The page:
The Laboratory for Cell & Tissue Engineering facilitates culturing of autologous tissues across the full spectrum of the research field. When tissues and organs are replaced with prostheses it is not uncommon for all sorts of complications to arise. The Laboratory for Cell & Tissue Engineering facilitates research on the culturing and engineering of the patient's own - or autologous - cell tissues. The technologies developed here enable new tissues - such as cartilage, intervertebral discs, blood vessels, heart tissue and organ tissue - to be grown inside the patient's body.Complex tissuesBlood vessels may seem like simple tubes that carry blood from A to B. In fact, this is an active, living system in which muscle cells contract and expand the vessel walls. In similar fashion heart valves and other tissues must be capable of bearing various forces. The steps involved in culturing and studying these tissues in a laboratory are many and varied: from culturing cells and producing carrier materials, to tissue analysis and testing. For these tasks, the Laboratory for Cell & Tissue Engineering provides the necessary specialist knowledge and pioneering equipment.
The Laboratory for Cell & Tissue Engineering is an ultramodern laboratory. The research that takes places here extends across the full spectrum of the field of tissue engineering. Facilities include a fully equipped cell culture room ideal for elaborate experimental tissue engineering. Tissues are tested exhaustively for their mechanical properties and durability. Also the carrier materials, on which the cells are deposited to form tissue, can be made here. A fully blindable microscopy room is equipped with state-of-the-art confocal and fluorescence microscopes for the detailed analysis of cells and the tissues formed.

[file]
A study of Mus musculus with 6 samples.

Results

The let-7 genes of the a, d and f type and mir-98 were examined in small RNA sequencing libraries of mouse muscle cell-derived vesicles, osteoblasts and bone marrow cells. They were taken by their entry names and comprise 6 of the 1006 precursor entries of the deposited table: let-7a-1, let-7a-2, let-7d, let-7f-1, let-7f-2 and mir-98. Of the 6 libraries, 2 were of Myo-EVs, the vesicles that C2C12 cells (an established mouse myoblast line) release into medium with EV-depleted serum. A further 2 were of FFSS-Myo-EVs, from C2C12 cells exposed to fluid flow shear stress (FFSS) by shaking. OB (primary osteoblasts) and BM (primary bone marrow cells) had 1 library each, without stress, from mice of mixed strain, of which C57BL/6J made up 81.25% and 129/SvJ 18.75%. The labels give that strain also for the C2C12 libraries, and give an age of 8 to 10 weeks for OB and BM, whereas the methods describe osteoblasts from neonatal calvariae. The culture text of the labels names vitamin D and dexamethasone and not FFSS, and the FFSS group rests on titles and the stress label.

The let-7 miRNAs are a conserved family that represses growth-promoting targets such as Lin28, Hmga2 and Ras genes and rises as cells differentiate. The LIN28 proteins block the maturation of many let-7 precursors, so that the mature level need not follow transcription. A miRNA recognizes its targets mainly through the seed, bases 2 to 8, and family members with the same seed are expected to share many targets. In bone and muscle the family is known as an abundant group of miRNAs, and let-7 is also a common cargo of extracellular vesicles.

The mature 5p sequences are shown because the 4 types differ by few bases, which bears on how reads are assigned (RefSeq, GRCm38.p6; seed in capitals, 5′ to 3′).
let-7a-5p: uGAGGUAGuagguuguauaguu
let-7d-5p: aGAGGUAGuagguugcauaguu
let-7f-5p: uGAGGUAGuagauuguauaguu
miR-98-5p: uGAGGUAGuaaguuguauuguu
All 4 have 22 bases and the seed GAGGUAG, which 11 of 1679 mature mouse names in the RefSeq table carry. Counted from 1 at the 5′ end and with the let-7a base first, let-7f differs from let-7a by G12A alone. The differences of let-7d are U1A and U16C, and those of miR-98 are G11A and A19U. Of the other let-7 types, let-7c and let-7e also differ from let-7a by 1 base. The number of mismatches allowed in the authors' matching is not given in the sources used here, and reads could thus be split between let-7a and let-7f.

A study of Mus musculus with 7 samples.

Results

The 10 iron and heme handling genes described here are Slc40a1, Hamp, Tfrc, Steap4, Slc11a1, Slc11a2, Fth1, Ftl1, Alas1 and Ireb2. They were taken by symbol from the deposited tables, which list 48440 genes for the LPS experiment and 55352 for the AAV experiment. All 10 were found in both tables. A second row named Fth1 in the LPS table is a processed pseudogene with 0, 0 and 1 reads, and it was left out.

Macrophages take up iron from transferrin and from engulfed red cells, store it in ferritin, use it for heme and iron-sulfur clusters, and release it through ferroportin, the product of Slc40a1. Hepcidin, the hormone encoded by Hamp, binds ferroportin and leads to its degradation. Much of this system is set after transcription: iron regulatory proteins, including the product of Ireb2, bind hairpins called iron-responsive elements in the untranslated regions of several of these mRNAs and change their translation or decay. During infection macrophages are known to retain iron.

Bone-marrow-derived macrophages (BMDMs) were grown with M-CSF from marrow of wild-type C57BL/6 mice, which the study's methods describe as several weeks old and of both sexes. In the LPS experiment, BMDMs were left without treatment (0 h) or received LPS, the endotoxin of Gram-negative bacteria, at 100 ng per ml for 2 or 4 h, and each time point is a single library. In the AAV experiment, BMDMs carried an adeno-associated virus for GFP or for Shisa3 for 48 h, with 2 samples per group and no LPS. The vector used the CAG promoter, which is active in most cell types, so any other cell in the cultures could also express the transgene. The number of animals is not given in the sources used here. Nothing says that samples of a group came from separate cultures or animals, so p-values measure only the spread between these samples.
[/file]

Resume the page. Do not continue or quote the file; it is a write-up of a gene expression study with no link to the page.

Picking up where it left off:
Successful spin-offsThe research facilitated by the laboratory has produced various successful spin-offs. The renowned iValve project led to the development of biodegradable heart valves capable of selectively attracting cells from the blood stream. Through this selection process a heart valve made of the body's own material is created; unlike artificial heart valves this never needs replacing. The first biodegradable heart valves, developed by the TU/e spin-off Xeltis, were inserted in patients in 2016.
It is primarily the laboratory's breadth of activities that makes it unique in the Netherlands. Every step in the research process - from the development of carrier materials to the analysis of the tissue grown - is catered for. All this is facilitated by innovative facilities; the laboratory optimally uses the technological developments offered by TU/e.